Ogham writing is a way of recording language designed to be written on stone, by cutting straight lines on edges, or imitated edges. Surviving inscriptions are mostly written in (Old) Irish, for which the script seems to have been developed, and Pictish. In recent times, it has occasionally been used for a simple cypher, and rather more often for certain mystical uses, by druids, 'Celts' and other pagans. The equivalent in Ogham of the 'alphabet' in Roman writing, the standard script in West European languages, is the Beith-Luis-Nion.
The Ogham system works on a simple plan, which can be used horizontally or vertically. Each one of the basic letters (feda in Erse), of which there were originally twenty, grouped into four 'families' (aicmi), is formed by a single stroke formed on a central 'spine', or foundation-line [druim]. (The spine is sometimes the edge of a stone block on which the letters are formed; on a flat surface, it is drawn as a straight line.) These strokes are horizontal when the spine (and consequently the message) is vertical, and to the right or left, or both; when the spine is horizontal, the strokes that form the letters are up, down, or fully crossing.
- The first family (Aicme Beithe, or 'family of the birch tree [representing the letter 'B']) contains letters with a stroke only to the right of, or down from, (but not crossing) the spine contains. These are: with a single stroke, the letter representing the sound of 'B'; with two strokes, 'L'; with three strokes, 'V'; with four, 'S'; and with five, 'N'.
- The second family (Aicme hÚatha, or 'family of the whitethorn [usually given as representing the letter 'H', but this is not certain]) contains letters with a stroke only to the left of, or up from, (but not crossing) the spine. This family contains, with a single stroke, the letter representing the sound (probably) of 'H'; with two strokes, 'D'; with three strokes, 'T'; with four, 'C'; and with five, 'Q'.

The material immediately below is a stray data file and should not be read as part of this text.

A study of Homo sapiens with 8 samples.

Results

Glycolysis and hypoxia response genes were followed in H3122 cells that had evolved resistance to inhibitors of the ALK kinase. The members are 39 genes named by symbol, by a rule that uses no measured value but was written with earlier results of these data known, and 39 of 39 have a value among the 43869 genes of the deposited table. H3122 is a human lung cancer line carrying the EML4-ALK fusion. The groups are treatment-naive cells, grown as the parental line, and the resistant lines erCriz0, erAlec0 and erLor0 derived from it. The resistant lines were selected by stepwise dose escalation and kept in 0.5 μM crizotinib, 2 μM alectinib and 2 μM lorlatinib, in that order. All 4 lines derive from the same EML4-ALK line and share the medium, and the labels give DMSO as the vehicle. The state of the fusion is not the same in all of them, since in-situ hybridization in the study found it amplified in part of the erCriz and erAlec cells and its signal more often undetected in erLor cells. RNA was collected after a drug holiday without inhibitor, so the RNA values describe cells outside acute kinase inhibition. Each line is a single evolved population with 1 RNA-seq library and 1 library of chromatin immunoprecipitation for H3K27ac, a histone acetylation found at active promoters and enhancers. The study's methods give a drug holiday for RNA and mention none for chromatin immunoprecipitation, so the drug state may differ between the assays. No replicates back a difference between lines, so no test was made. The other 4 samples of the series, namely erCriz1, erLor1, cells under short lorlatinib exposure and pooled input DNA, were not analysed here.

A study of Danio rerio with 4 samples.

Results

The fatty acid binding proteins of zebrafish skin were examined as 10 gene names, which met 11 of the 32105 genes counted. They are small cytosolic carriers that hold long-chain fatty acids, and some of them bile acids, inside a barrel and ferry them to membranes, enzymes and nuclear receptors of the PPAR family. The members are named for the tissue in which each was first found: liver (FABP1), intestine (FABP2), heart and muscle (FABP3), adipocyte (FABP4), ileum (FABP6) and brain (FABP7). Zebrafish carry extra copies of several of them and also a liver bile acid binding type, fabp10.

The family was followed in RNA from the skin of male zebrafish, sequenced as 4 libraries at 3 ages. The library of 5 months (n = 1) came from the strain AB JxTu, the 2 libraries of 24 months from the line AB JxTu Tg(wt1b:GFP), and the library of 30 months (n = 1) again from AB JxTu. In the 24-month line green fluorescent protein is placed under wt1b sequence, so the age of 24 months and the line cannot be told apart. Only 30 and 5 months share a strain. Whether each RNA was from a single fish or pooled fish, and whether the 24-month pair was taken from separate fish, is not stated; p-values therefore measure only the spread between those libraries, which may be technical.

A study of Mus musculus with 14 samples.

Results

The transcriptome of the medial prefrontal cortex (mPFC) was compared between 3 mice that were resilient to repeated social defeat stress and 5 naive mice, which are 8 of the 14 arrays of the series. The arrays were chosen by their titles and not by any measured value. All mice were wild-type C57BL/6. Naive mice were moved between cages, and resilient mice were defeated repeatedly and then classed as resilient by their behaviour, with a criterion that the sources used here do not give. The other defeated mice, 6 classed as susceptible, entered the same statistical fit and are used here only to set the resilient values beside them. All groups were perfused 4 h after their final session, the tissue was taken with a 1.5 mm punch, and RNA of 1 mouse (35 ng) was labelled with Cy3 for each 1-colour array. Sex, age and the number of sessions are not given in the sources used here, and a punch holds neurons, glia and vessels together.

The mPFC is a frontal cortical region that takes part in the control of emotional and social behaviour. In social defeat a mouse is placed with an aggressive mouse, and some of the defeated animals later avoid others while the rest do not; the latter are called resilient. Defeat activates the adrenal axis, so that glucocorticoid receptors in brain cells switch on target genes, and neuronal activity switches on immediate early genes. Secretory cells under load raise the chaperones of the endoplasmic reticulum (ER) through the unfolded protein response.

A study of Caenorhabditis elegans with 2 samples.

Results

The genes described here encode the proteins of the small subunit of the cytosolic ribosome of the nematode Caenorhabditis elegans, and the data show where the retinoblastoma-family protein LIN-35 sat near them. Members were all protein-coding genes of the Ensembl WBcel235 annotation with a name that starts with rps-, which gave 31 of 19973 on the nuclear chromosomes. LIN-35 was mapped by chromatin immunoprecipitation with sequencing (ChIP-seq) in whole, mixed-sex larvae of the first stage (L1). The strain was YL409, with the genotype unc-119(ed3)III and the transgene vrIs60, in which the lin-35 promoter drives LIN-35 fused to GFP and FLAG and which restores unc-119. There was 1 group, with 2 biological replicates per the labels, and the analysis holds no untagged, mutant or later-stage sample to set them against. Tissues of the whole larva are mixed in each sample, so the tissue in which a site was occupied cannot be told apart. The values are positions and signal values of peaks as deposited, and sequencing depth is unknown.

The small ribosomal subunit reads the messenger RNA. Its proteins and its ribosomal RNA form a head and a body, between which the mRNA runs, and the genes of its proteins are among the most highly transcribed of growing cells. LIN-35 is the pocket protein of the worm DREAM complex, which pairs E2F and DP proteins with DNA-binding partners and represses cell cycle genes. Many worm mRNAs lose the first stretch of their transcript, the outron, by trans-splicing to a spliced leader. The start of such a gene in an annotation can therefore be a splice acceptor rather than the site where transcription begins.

- The third family (Aicme Muine, or 'family of the vine [representing the letter 'M']) contains letters with a stroke only crossing the spine diagonally. A single stroke gives the letter representing the sound of 'M'; two strokes, 'G'; three strokes, 'NG'; four, 'Z'; and five, 'R'.
- The fourth family (Aicme Ailme, or 'family of the pine tree [representing the letter 'A']) contains letters with a stroke crossing the spine at right angles. It contains, with a single stroke, the letter representing the sound of 'A'; with two strokes, 'O'; with three strokes, 'U'; with four, 'E'; and with five, 'I'.
After these basic twenty letters (feda), supplementary letters (forfeda) were developed. There is one family, whose letters have widely varying values to meet the different needs of the scribes at different times and in different places. The five letters are not always consistently written or interpreted. The first is always a diagonal cross placed saltire-wise on the spine, representing variously the consonant 'K' or the diphthong 'EA'. Second is a diamond, or rhombus (having similar triangles to the previous, but disposed on opposite sides of the spine), representing 'OI'. The third is 'the elbow', a hook with straight lines to the right of, or below, the spine, representing 'UI' or 'U'; the fourth is two saltire crosses laid gridwise (not quite superimposed) to the right, or below, for 'P', 'IA' or 'IO'. Finally, a grid of four x four lines, on one side of the spine (which side varies) represents the diphthong AE, or the consonants CH or X.
For ease of use, four other characters can be seen. A stylized feather, looking like a Roman 'V', is placed on the spine at either end of the text. Its open end is away from the writing to be considered: the apex points towards the text. A section of the spine left blank, with no letters, corresponds exactly to a space in our writing. A short line, to the left of, or above, the spine and parallel to it, is the sign for the letter 'P'. This was needed, as the old ogham 'P' (the fourth of the furfeda) had been adapted for vowels, as the phoneme 'P' had ceased to be used in Erse. There was no 'P' until [[Latin texts necessary in the Church began to reinstate it in such borrowings as the name of Ireland's own [[saint], Saint Patrick.